The 45-year reign of Scotland’s karate king is celebrated in a new book.
Aberdeen instructor Ronnie Watt has reached levels of excellence usually achieved only by the Japanese masters of the martial art.
His accomplishments are detailed in a new biography, Ronnie Watt, 8th Dan, with forewords from First Minister Alex Salmond and the founding and current presidents of the World Karate Confederation.
Mr Watt, 62, said it had been a real eye-opener to go back over his career with the book’s author, Clive Clayton.
“It was fantastic to sit down and think back to the start and see how far I had come, and it has been really well-received by people all around the world,” he said.
“I’ve had e-mails from people as far away as Australia telling me how much they enjoyed it.”
Praise has also come from the Japanese consul general, who invited the father-of-two to Edinburgh last night to recap some of the glory days.
It was the latest in a series of honours to come Mr Watt’s way since he became one of the first Scots to receive a black belt in 1968.
The title of the biography refers to the 8th Dan Master black belt he was awarded two years ago, an accomplishment he described as his “pinnacle of achievement”.
In the book he remembers being introduced to the idea of karate by the antics of the character Oddjob in the James Bond film Dr No and karate-style stunts in 60s TV series.
At the time the apprentice engineer was recovering from a serious injury that almost cost him a leg, but when a friend told him about a new karate school that had opened in Aberdeen, he went for the first lesson, which was to change his life.
“I knew it was for me,” he said. “It was captivating, the whole mind-body thing, and here was something I could do where my damaged leg would not be a liability.”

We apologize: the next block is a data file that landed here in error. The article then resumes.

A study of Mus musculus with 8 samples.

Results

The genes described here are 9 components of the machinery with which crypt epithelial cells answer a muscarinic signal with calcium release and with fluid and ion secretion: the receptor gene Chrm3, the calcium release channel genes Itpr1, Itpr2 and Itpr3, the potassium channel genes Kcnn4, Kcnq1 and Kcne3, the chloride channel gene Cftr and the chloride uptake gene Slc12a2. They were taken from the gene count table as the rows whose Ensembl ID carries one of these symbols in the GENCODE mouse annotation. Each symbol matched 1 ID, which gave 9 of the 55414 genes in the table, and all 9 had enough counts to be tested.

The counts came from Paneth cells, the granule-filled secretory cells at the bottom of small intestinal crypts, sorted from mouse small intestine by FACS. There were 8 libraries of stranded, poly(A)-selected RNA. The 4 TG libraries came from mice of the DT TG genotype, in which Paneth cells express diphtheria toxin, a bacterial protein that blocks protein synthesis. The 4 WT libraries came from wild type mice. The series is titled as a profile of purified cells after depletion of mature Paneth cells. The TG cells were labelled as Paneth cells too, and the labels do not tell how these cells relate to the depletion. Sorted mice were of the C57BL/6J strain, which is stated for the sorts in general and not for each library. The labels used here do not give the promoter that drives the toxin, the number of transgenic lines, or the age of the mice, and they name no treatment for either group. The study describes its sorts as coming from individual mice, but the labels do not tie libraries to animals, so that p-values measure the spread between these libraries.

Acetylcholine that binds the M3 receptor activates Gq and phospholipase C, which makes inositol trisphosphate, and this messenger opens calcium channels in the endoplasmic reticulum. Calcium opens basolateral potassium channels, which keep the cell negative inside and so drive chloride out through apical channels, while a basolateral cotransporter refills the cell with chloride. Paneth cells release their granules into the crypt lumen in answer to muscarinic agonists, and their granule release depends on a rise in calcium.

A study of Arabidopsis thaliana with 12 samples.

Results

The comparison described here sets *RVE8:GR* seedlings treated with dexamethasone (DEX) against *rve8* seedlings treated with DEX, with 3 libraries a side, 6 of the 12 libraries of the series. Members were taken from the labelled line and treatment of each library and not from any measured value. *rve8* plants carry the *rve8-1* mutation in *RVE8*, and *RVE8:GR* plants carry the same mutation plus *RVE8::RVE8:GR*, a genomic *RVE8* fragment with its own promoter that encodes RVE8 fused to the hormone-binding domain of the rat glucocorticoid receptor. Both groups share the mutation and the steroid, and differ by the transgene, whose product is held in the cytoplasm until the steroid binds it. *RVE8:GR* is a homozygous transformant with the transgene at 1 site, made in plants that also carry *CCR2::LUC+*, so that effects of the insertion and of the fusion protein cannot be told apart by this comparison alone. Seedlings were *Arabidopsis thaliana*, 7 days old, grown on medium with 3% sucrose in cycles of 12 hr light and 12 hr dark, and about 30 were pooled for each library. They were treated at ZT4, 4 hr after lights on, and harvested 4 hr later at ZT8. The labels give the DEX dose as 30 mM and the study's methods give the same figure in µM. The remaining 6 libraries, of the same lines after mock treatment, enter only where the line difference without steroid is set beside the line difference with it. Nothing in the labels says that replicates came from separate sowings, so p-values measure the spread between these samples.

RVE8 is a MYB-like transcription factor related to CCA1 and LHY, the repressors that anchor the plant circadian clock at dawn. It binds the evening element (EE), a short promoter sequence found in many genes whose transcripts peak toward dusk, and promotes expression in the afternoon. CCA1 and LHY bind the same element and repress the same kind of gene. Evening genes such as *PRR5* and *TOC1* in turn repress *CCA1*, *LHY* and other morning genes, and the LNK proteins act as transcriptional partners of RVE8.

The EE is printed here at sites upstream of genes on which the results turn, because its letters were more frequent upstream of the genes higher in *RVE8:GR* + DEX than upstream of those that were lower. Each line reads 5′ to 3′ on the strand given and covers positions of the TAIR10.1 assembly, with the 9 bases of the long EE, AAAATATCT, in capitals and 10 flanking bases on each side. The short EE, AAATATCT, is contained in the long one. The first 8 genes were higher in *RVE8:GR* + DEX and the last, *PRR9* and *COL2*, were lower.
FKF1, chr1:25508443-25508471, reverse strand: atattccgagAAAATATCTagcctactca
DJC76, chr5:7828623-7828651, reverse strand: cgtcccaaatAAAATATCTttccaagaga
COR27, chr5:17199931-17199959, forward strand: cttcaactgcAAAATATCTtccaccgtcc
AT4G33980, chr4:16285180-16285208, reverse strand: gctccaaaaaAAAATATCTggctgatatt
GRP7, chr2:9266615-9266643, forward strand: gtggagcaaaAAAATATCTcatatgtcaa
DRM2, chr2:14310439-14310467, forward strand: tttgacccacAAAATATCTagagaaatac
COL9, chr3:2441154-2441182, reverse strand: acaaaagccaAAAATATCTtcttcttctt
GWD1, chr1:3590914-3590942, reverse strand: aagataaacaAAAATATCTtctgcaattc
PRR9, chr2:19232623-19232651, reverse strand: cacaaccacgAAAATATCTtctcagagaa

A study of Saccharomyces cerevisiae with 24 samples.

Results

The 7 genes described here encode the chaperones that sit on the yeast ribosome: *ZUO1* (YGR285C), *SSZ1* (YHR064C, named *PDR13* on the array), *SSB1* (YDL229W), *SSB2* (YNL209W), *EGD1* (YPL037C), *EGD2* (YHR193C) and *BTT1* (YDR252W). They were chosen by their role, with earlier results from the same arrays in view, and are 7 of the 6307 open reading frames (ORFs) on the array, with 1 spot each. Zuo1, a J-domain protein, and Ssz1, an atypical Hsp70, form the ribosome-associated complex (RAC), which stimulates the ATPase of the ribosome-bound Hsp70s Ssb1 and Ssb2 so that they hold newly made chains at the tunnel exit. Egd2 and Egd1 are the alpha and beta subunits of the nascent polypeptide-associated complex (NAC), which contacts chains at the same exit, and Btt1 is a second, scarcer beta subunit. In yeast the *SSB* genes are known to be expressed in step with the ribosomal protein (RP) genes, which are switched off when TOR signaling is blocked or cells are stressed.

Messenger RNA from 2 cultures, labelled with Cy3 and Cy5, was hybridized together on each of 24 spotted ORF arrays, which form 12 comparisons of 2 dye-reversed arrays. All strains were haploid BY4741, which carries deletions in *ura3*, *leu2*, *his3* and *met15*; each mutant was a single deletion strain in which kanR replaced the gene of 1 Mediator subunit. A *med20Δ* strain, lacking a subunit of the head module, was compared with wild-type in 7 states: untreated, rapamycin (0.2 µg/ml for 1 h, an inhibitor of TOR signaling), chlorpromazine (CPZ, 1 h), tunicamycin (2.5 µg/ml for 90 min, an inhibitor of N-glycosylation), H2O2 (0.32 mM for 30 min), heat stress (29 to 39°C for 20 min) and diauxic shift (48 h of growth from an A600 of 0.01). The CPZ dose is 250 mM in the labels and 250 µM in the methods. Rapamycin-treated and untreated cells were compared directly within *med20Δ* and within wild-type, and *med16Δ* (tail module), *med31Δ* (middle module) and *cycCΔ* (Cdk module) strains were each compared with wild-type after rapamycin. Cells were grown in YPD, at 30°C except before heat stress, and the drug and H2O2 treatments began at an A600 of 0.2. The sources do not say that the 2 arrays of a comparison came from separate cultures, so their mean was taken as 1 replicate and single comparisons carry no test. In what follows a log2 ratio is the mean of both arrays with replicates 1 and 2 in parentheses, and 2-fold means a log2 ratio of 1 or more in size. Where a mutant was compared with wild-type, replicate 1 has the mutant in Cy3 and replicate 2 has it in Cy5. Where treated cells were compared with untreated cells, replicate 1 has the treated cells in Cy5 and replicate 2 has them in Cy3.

Over the four-and-a-half decades since then, Mr Watt, of Culter House Road, Milltimber, has taken his art to ever higher standards.
In 2005, he was inducted into the Combat hall of fame for his outstanding contribution to the worldwide promotion of karate.
In 2001, he attracted the World Karate Championships to Aberdeen.
In 1993, he received the Glover Trophy for his good works and, in 2007, the services-to-sport award from Aberdeen Sports Council.
His greatest pride comes from watching his pupils shine on the international stage, however.
At the last world championships, his cadets won 11 medals, a record he hopes to topple at next year’s event.
Mr Watt currently runs classes for about 300 people at venues across Aberdeen and, despite approaching an age when many of his contemporaries are looking forward to nothing more active than picking up their bus passes, he has no intention of hanging up his black belt just yet.
Karate has been good to him, he says, and he wants to give others the same life-transforming opportunities.
For information on classes, or to order copies of the book, contact Mr Watt on 01224 734607.